Researchers from Children’s Hospital of Philadelphia (CHOP), the Alex’s Lemonade Stand Foundation Childhood Cancer Data Lab, the Children’s Brain Tumour Network (CBTN), the Pacific Paediatric Neuro-Oncology Consortium (PNOC), and more than 20 additional institutions have partnered to create a first-of-its-kind open-source, reproducible analysis platform for paediatric brain tumours.
With the help of thousands of genomically sequenced samples, researchers have used this platform to identify initial findings about genetic variants associated with poorer outcomes that could help guide future diagnostic and therapeutic advances.
The details of the platform and those initial findings were published online today by the journal Cell Genomics.
Paediatric brain tumours are collectively the leading cause of cancer-related death in children in the United States.
However, the severity of paediatric brain tumours varies wildly, with some having an almost universally fatal prognosis while others have relatively strong long-term survival rates, though all brain tumours negatively impact these children and their families to at least some degree.
Limited access to tissue samples and patient-derived cell lines has been a significant barrier to understanding the differences between paediatric brain tumours at a molecular level.
That long sought-after data could lead to better diagnostic techniques and potential targeted therapies that could treat these deadly tumours.
In 2011, CBTN and PNOC began extracting and preparing what has now become nearly 6,000 tumour samples with over 68,000 sub-samples.
More than 1,000 of these tumours were sequenced to form the initial release of the Paediatric Brain Tumour Atlas (PTBA) in 2018, and data were made available without embargo so that researchers could study what variants might be driving certain types of brain tumours.
With the help of the Alex’s Lemonade Stand Foundation Childhood Cancer Data Lab, the team of researchers was able to build an open-source version of this atlas, the Open Paediatric Brain Tumour Atlas (OpenPBTA), to analyse these data.
OpenPBTA is accessible to anyone conducting research who is looking for new therapeutic targets or finding new ways to translate research into clinical practice.
At the time of this study, OpenPBTA contained genomic and clinical data from more than 1,000 paediatric brain tumours and 22 patient-derived cell lines from the CBTN and PNOC.
The OpenPBTA provides an open, real-time framework to genomically characterise paediatric brain tumours.
It is the first large-scale, collaborative, open analysis of genomic data and provides a cloud-based resource for researchers looking for more comprehensive data on paediatric brain tumours.
“While there have been many proponents of an open-source model for scientific research, nothing like this existed for paediatric cancer,” said Jo Lynne Rokita, PhD, a Supervisory Bioinformatics Scientist leading OpenPBTA at the Center for Data-Driven Discovery (D3B) at CHOP and one of the study’s corresponding authors.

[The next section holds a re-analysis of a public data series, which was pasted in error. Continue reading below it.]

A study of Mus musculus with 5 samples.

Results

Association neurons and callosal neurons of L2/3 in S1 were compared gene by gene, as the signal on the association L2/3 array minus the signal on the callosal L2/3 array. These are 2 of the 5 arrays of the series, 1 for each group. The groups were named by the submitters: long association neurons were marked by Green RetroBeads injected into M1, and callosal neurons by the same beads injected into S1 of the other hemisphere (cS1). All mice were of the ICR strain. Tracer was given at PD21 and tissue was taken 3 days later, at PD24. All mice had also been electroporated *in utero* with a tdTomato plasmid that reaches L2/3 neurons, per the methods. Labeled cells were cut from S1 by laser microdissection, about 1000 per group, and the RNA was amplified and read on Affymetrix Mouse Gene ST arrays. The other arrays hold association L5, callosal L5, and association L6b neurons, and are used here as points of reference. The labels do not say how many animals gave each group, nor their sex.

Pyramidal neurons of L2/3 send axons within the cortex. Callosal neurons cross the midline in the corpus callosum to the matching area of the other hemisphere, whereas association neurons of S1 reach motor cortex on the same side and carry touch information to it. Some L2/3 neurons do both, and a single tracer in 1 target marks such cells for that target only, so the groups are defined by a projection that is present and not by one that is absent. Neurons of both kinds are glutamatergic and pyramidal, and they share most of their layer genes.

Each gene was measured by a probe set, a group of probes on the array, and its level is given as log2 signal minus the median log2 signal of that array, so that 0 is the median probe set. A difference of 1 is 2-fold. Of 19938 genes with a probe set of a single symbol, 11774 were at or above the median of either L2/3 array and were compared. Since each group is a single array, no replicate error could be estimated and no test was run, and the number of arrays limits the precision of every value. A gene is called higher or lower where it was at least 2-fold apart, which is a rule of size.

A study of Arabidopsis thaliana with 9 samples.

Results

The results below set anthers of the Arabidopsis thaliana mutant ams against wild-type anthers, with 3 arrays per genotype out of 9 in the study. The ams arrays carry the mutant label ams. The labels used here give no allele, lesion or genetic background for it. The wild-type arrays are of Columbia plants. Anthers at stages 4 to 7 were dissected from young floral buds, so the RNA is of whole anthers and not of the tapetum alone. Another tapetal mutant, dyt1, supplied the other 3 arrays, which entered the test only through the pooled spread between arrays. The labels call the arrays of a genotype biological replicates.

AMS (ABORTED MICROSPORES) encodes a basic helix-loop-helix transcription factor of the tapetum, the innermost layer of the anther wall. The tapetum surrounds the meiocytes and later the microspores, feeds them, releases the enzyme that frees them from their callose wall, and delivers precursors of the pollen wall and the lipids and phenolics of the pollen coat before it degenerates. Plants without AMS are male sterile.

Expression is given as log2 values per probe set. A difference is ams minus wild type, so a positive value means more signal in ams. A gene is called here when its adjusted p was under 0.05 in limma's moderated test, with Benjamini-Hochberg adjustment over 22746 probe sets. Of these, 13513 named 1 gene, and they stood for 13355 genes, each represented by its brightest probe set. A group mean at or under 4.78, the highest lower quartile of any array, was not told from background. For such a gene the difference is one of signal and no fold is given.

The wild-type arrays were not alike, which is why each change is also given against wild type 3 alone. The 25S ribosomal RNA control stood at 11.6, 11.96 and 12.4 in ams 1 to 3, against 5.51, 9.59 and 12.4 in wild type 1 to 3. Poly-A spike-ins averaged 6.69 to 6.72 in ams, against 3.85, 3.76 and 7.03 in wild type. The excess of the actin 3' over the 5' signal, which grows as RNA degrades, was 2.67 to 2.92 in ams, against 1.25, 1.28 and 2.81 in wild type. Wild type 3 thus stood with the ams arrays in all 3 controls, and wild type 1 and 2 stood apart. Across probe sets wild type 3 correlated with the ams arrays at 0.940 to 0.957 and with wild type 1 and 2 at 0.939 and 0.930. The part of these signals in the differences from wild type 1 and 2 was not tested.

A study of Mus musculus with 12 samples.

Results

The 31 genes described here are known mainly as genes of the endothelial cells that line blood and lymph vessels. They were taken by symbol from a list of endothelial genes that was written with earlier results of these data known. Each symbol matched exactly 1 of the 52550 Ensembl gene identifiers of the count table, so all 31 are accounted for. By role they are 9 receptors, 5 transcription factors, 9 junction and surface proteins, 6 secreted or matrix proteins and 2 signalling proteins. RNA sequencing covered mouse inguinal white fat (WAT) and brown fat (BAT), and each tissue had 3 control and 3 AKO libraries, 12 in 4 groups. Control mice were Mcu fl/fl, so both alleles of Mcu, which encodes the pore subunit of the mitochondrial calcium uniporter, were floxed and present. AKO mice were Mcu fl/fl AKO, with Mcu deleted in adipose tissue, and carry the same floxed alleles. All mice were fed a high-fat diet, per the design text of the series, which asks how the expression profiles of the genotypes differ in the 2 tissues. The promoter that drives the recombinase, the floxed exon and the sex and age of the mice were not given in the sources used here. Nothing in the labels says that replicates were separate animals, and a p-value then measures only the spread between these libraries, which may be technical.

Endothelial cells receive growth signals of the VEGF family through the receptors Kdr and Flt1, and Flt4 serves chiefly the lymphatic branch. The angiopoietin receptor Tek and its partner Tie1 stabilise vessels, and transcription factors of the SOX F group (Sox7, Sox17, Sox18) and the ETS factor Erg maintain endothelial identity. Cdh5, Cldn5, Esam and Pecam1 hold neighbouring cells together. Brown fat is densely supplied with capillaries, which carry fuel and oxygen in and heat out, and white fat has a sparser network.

“We designed OpenPBTA so that anyone could access the data, contribute to its analysis, and/or use it in their own research.”
“Collaboration is key to accelerating new cure discovery. OpenPBTA made it possible for experts across the globe to come together and gain a deeper understanding of the leading cause of cancer-related death in children and young adults,” said Jay Scott, Co-Executive Director of Alex’s Lemonade Stand Foundation.
Jaclyn N Taroni, PhD, another corresponding author on the study and Director of Alex’s Lemonade Stand Foundation Childhood Cancer Data Lab, said, “With our successful launch of OpenPBTA, we’re hoping the research community adapts this model to other paediatric cancers.”
OpenPBTA is already providing researchers with more insight into potential drivers of paediatric brain tumours.
In this study, researchers found that the loss of the tumour suppressor gene TP53 is a significant marker for poor overall survival in fast-growing brain and spinal cord tumours called ependymomas and certain diffuse midline gliomas, and dysregulation of the gene was also implicated in hyper mutant high-grade gliomas.
“Solving paediatric brain tumours cannot be accomplished by any one institution. The OpenPBTA model of shared, real-time collaboration supported by PNOC and CBTN has not only empowered new discoveries, but also innovative ways of performing the required science on behalf of accelerated, collaborative innovation for children affected by brain tumours," said Sabine Mueller MD, PhD, MAS, Professor of Neurology, Neurosurgery and Paediatrics at the University of California, San Francisco, and the Lead of PNOC and executive co-chair of CBTN.